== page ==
The photo from Matt Grey of the Plastiki expediton, shows kids on Christmas Island.
The photo from Matt Grey of the Plastiki expediton, shows kids on Christmas Island.
STORY HIGHLIGHTS
  • The Plastiki crew reaches Christmas Island 39 days after it set sail from San Francisco
  • This is nearly the expedition's halfway point and is the first time the crew touches land
  • The crew interacts with the local community and promotes their message of sustainability

(CNN) -- More than a month after the Plastiki set sail from San Francisco, the six-person crew has made it to Christmas Island, nearly marking the halfway point of the ship's journey to cross the Pacific Ocean.

Upon their arrival, the crew was greeted at by local residents who performed cultural songs and dances, as well as offered them drinks and chocolate -- traditional treats on the Republic of Kiripbati island.

The vessel embarked from San Francisco on March 20. The arrival on Christmas Island is the first time since the ship left California that that the crew -- David de Rothschild, Jo Royle, David Thomson, Olav Heyerdahl, Vern Moen and Max Jourdan -- disembarked from their ship, constructed of more than 12,000 plastic bottles.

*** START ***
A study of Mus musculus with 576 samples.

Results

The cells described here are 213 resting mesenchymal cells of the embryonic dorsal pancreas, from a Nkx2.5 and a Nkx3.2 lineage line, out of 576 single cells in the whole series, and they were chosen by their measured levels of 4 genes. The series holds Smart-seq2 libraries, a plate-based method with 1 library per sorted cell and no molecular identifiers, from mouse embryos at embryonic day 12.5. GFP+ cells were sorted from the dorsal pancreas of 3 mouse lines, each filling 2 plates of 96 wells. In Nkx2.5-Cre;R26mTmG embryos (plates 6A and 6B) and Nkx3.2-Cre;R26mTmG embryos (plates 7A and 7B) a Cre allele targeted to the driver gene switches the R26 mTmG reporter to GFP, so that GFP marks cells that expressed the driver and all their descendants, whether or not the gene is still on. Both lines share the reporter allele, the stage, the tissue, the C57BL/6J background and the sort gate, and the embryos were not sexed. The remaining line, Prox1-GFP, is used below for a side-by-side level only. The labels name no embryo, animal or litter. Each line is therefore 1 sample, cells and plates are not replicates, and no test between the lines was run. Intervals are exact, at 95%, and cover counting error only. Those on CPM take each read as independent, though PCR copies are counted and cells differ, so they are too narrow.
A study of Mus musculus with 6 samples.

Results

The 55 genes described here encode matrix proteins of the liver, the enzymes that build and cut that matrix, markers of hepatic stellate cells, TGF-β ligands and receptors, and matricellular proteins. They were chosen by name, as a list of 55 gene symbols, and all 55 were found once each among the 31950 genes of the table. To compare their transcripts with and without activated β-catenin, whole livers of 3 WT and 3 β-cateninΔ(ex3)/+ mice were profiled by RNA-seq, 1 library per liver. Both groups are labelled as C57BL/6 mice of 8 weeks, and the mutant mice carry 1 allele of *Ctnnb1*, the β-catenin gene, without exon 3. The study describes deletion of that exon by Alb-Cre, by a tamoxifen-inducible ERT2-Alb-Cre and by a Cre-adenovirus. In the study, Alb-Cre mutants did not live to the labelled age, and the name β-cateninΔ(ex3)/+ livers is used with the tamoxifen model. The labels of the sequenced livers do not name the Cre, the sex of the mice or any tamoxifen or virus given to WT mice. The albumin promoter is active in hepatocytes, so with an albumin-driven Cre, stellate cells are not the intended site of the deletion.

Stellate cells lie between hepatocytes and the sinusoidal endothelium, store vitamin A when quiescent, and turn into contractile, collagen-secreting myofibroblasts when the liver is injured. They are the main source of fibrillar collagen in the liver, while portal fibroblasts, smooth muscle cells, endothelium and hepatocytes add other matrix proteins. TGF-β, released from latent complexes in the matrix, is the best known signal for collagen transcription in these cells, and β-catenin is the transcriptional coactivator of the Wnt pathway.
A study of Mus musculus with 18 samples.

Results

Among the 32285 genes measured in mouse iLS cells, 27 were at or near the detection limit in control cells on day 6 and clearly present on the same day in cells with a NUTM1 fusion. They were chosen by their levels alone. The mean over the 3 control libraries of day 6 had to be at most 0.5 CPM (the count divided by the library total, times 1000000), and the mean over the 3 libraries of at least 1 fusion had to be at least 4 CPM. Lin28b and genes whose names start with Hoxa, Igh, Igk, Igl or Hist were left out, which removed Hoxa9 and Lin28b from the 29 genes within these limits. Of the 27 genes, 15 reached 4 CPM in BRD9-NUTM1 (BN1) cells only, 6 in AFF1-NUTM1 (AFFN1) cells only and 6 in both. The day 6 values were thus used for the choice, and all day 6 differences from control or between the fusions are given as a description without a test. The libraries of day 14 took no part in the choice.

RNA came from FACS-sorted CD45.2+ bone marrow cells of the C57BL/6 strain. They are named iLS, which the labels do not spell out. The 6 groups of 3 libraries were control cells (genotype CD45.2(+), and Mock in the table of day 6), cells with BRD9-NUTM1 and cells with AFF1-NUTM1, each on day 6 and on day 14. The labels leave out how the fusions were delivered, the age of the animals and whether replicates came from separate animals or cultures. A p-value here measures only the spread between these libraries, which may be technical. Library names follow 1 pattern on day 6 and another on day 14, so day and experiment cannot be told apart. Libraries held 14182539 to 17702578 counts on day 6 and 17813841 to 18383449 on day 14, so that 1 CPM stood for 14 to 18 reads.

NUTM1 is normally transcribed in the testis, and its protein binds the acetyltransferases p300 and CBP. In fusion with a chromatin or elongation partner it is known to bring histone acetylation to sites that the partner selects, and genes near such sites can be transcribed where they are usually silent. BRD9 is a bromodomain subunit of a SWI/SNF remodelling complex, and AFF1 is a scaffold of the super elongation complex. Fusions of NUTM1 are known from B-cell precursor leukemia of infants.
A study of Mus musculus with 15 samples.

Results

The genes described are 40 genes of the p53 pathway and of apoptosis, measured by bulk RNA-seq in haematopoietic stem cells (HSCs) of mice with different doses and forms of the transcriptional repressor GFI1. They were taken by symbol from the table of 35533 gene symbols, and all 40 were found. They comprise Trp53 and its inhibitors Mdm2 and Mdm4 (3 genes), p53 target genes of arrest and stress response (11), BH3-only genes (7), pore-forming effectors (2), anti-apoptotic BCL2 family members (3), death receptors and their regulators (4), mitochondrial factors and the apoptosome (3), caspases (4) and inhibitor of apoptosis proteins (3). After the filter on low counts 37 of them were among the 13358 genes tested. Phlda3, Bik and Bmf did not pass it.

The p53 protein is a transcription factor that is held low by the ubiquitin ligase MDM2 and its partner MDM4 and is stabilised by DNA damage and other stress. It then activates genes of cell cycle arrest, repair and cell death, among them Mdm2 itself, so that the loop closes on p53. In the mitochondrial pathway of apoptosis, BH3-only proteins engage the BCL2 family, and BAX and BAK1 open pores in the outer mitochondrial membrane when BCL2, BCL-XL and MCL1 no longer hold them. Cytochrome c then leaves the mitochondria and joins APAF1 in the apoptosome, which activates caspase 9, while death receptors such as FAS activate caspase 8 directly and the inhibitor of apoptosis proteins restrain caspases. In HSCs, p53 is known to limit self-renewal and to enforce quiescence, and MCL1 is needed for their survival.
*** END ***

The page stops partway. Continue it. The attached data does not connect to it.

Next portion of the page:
After participating in the arrival ceremony, the crew members spoke to 1,000 high school students about the importance of recycling, and led a discussion to address the challenges the students face in their own efforts to promote sustainable practices.


Also on Christmas Island, filmmaker Moen will leave the Plastiki to return to California, where his wife gave birth to their son last month. In his place, Graham Hill, the founder of environmental website Treehugger, will be joining the crew.

The Plastiki has sailed 3,617 nautical miles of it 11,000-mile journey. Its final destination is Sydney, Australia.